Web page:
June 17, 2019

To advertise with LGF, call Richard Hebert (225) 931-8711

"Changing Lives, Improving Communities"

Diamond in the Rough: Ben West


MVP of the Red Team for the Louisiana Gridiron Football All-Star bowl game was the Pineville Rebel’s quarterback, Ben West. Watching this guy in person at the game reminded me of Tim Tebow. The reason I make that comparison is because he is all for the team no matter what the situation is. Whether it is a deep ball down the sideline or a QB sneak or tucking it up field to gain some hard nose yards, West is up to the task. West went 12 for 23 with 1 interception but had 3 touchdowns to cap off the night.

Ben is a gritty guy; he’ll do whatever he needs to do to gain yards. His height is something he sees as a weakness and West knows there is not much changing that. To compensate for his height, he uses his feet. West is a “dual threat” quarterback. He is able to utilize his feet to get out of many situations. Being in a run pass option offense (RPO), you have to be able to make things happen in a short amount of time. A mobile quarterback is definitely desirable to college coaches for the sheer fact that he is an all-around athlete. West told me that he is no stranger to playing other positions besides quarterback. West also told me that his head coach, Dennis Dunn, can see West at the running back position. Coach Dunn thinks West will fit well at that position because he has an impressive football IQ. Having played quarterback in high school, it’s easy for him to observe defensive motions and find the holes.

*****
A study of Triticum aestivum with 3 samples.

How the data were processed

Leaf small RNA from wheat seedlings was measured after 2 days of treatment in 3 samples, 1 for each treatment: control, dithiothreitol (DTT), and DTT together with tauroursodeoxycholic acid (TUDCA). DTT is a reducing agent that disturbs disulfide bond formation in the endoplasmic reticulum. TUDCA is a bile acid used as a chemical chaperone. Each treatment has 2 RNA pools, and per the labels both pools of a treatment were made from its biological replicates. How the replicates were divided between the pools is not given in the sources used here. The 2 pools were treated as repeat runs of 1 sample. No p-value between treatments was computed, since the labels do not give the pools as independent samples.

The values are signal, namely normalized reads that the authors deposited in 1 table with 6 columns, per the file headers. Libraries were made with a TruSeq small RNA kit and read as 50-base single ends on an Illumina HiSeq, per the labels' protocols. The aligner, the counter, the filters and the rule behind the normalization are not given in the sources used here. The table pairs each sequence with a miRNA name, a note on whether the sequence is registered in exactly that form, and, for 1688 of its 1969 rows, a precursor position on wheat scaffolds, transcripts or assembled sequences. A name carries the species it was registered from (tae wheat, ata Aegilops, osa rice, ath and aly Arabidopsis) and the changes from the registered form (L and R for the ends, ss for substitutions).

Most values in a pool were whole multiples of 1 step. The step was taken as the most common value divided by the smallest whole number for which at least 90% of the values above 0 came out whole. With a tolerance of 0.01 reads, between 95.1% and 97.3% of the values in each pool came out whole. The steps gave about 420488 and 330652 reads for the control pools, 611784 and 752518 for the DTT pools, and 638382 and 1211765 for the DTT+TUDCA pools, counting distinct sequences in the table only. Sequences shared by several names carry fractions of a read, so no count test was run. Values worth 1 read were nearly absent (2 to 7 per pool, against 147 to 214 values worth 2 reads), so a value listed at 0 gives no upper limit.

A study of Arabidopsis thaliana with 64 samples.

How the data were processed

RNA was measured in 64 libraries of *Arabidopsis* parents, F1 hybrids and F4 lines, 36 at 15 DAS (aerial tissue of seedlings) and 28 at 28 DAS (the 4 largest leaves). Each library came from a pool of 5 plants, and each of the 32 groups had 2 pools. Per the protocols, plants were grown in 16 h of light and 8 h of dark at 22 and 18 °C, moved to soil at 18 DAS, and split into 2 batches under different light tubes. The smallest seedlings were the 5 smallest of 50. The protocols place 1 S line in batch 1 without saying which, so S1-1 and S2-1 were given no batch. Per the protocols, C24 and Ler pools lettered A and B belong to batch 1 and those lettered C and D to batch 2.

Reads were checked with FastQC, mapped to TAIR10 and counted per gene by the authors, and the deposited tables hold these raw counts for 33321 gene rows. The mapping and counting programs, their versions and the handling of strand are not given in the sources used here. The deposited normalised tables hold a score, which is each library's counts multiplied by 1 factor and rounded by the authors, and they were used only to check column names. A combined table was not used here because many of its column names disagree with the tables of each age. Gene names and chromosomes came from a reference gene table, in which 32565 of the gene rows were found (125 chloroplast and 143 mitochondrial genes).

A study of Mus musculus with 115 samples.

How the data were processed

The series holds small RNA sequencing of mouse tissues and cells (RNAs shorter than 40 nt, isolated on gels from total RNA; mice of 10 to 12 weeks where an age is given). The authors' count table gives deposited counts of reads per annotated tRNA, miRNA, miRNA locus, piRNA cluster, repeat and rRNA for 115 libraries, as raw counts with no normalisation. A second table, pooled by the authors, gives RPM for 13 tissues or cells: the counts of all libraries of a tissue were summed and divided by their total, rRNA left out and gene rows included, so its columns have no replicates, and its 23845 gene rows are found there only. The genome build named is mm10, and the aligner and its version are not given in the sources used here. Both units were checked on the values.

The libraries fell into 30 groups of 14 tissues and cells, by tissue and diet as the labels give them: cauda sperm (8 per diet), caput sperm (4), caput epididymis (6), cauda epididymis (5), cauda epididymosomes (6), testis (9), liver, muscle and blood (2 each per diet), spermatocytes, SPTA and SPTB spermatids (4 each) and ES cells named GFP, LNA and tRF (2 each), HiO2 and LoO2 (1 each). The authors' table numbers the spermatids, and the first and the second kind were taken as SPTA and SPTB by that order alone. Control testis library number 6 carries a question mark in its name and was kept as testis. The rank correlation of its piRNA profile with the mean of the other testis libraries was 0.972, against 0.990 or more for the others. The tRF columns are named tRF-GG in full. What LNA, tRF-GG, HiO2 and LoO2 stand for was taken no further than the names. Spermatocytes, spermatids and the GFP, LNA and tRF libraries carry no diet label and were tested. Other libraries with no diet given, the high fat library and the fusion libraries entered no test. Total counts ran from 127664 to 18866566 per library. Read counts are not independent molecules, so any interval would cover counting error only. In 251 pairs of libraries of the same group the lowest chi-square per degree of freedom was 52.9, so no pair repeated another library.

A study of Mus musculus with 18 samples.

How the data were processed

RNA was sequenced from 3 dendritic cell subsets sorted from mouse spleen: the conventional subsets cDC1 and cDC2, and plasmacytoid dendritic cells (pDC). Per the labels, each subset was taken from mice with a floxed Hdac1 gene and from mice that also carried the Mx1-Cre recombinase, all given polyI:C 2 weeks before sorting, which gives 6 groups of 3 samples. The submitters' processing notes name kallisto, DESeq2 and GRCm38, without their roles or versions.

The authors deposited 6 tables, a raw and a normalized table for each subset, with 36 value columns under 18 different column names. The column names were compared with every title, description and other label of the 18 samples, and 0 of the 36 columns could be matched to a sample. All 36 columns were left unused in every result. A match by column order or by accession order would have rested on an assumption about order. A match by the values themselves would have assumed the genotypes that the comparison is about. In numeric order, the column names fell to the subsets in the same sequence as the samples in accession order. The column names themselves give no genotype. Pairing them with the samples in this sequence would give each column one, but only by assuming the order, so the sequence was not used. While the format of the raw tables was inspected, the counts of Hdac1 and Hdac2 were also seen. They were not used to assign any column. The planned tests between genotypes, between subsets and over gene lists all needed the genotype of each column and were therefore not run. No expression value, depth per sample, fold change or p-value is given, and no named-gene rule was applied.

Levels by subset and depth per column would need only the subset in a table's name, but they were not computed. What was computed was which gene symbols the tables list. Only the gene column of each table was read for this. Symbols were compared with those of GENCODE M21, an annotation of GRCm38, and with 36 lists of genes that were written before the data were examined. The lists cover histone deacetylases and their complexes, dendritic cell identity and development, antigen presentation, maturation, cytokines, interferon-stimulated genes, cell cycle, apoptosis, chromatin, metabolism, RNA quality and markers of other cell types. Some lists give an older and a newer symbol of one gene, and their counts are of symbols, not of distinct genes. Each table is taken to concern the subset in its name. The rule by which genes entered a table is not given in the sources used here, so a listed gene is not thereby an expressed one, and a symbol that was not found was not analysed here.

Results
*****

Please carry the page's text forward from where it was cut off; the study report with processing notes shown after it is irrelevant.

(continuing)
Ben West is a smart kid; not only academically but on the field as well. On the field, he has a cool hand. He knows when he starts to panic only bad decisions will be the result. West sticks to what he knows and doesn’t make drastic decisions that would end up costing the team. West would rather be part of the rebuilding process as opposed to rewards process. The reason for his answer was that he wanted to leave a legacy. He believes building a foundation and setting the standard is more gratifying than reaping the rewards based on what others have built. Being on a platform is nothing unusual for West. He uses his platform to exhibit positive behaviors that kids in the stands can look up to. Humility is a word West would use to describe himself. After my interview with West, it’s easy to see that this guy is a player worth having on any team. He is smart both on and off the field; a quick learner and he is open to playing any position to help the team. In the coaching world, that’s an ideal player.